How does my doctor know I have vulvar cancer?

Your doctor may find vulvar cancer during a routine visit, even if you don’t have symptoms. If you’re having symptoms of vulvar cancer, your doctor will ask you about these things.

  • Your health history
  • Your family’s history of cancer
  • Your other risk factors, such as history of smoking or HPV infection

The doctor may also perform certain tests to check if you have vulvar cancer. You may need more than one of these tests. Here are some of the tests doctors use to diagnose or rule out vulvar cancer.

  • Pelvic Exam - A pelvic exam is recommended as a regular screening for women. You can have this exam in your doctor’s office. For this exam, you remove your clothes from the waist down and put on a medical gown. You lie on your back on an exam table and bend your knees. You place your feet in supports called stirrups at the end of the table. This position allows the doctor to look at or feel your vulva, vagina, cervix, uterus, ovaries, fallopian tubes, rectum, and bladder. The doctor uses a tool called a speculum to hold open and widen your vagina. This may pinch a bit. The speculum allows the doctor to see the upper portion of your vagina and cervix, which is the area that connects the vagina to the uterus. During a pelvic exam, your doctor will look at and feel your vulva, inspecting it for changes. If the doctor sees something suspicious, he or she may recommend a biopsy. A biopsy can help tell the difference between a precancerous condition and an invasive cancer.
  • Pap Test - The Pap test is a way to check cells from the cervix and the vagina. It can be done at the same time as a pelvic exam. Using the speculum to widen the vagina, your doctor swabs your cervix to collect cells. A special doctor called a pathologist examines these cells under a microscope. This test is not a test for vulvar cancer, but it can rule out other gynecologic problems, such as certain infections or cervical cancer.
  • HPV Test - This test checks for the presence of HPV, which is short for human papillomavirus. This virus usually goes away on its own. In rare cases, HPV can cause vulvar cells to change and become precancerous. Your doctor may choose to do this test at the same time as a Pap test.
  • Colposcopy of the Vulva - For this test, your doctor uses a tool called a colposcope to magnify your cervix, vagina, and vulva. This lets your doctor choose suspicious looking spots of tissue to remove and examine, which is called a biopsy. The doctor sends the removed cells to a lab to be checked for cancer.  During a colposcopy of the vulva, the doctor treats your skin with a diluted solution of acetic acid, the main ingredient in vinegar. It causes suspicious areas to turn white. If the doctor sees abnormal places, he or she may inject local anesthetic into your skin to make it numb. The doctor uses the hand-held colposcope to determine where to remove the tissue. If the abnormal area is small, your doctor may completely remove it with the biopsy.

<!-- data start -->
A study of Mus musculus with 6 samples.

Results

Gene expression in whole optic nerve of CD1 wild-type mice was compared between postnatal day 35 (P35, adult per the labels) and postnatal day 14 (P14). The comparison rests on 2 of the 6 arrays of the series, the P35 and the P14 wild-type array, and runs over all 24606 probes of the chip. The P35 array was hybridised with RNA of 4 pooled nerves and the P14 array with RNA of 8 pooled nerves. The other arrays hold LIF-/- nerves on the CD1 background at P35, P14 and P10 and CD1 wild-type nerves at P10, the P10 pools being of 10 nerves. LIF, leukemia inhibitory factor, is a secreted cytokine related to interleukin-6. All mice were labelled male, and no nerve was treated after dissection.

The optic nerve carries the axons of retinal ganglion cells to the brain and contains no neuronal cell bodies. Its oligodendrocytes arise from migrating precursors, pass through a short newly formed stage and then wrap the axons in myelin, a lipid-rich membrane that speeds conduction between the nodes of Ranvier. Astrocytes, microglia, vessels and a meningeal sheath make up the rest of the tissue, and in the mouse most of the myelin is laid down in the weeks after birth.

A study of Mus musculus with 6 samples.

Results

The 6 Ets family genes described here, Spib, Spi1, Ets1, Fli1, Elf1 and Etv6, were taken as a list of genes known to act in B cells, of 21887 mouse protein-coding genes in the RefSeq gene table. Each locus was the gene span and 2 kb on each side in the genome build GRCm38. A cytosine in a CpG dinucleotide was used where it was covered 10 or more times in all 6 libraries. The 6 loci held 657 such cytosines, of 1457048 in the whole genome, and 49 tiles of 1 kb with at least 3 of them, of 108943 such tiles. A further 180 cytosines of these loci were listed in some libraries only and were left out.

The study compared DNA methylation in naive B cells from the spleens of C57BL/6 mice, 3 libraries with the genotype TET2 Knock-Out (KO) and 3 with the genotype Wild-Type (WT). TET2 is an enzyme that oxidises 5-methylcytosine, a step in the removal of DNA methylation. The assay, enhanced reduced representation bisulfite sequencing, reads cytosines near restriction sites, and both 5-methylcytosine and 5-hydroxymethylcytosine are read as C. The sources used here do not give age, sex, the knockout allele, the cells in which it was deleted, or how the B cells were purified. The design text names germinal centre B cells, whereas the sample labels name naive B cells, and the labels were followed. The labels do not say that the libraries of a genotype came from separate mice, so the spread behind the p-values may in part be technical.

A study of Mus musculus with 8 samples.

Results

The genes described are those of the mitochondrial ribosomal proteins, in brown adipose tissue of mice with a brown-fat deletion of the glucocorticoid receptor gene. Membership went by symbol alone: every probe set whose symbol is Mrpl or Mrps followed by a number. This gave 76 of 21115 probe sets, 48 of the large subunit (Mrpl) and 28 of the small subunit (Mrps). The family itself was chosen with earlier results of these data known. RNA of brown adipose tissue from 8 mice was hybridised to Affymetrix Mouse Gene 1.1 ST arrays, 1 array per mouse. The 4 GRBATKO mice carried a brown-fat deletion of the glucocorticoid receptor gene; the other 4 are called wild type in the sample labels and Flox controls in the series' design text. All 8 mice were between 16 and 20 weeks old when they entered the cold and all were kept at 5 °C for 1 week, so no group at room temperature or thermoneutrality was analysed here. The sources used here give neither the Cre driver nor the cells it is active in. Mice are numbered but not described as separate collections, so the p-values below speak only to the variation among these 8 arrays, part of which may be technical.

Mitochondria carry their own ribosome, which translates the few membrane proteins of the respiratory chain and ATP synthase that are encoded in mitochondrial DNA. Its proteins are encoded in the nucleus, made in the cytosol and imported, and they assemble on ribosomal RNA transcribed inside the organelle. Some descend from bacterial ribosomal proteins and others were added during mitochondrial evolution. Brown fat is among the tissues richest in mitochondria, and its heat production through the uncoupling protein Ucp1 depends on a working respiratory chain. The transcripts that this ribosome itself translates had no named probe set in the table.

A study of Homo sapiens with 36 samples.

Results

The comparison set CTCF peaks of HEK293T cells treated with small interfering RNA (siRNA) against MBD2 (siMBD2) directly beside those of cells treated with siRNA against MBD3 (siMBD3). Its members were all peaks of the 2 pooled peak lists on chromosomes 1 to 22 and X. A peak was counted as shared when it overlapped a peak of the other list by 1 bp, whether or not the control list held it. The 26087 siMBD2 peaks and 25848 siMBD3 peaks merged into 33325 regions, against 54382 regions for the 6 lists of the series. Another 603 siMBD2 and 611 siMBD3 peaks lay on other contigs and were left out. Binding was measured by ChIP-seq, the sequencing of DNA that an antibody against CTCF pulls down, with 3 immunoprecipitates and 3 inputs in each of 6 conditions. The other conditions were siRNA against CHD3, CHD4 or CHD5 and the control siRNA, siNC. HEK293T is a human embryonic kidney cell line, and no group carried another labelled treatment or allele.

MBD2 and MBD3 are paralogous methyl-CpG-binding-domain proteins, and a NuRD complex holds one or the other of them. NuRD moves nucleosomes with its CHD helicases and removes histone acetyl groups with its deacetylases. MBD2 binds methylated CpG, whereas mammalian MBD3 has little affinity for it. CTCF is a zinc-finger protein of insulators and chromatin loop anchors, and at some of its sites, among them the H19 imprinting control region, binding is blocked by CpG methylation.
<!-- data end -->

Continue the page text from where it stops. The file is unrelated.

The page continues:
• Biopsy - A biopsy is the only way for your doctor to know for sure if you have cancer. If your doctor sees an abnormal area, he or she may perform a biopsy by removing a small piece of tissue from your vulva. You may be numbed first with a local anesthetic. The doctor will punch out a portion of skin using an instrument that looks like a tiny apple corer. You don’t need stitches after this procedure. You may feel some pressure, but probably will have little or no pain. For larger areas, the doctor may excise part of the skin with a scalpel and sew together the skin’s edges with surgical thread. Commonly, the doctor will also remove some surrounding normal skin around the abnormal areas. A pathologist will then check the cell samples for cancer. The results of the biopsy usually take one week. Depending upon the extent of the cancer, your doctor may also need to biopsy lymph nodes to see if the cancer has spread.

Treatment Options for Precancerous Lesions of the Vulva (VIN)

A colposcopy or a biopsy may show that you don’t have cancer but that you do have precancerous lesions in your vulva.

Vulvar cancer forms slowly. It usually begins with precancerous changes that may last for many years. You may have vulvar rashes, moles, lumps, or other changes that don’t go away. The term most often used for this condition is vulvar intraepithelial neoplasia (VIN). Intraepithelial means that the precancerous cells are confined to the surface layer of the vulvar skin, called the epithelium. Other terms for this precancerous condition are severe dysplasia and carcinoma in situ. The type of treatment your doctor will suggest depends on the type of disease and how far it has progressed. Your doctor may suggest one of these types of treatment.

  • Laser surgery to burn off the layer of abnormal cells. This is used for treating VIN but not invasive cancer.
  • Wide local excision to remove precancerous lesions and some surrounding normal cells
  • A topical prescription medication that you put on the skin of your vulva, such as Efudex (fluorouracil, also called 5-FU).

Because VIN may come back after treatment, be sure to keep all follow-up appointments with your doctor. Go back to your doctor if you have itching or burning on your vulva.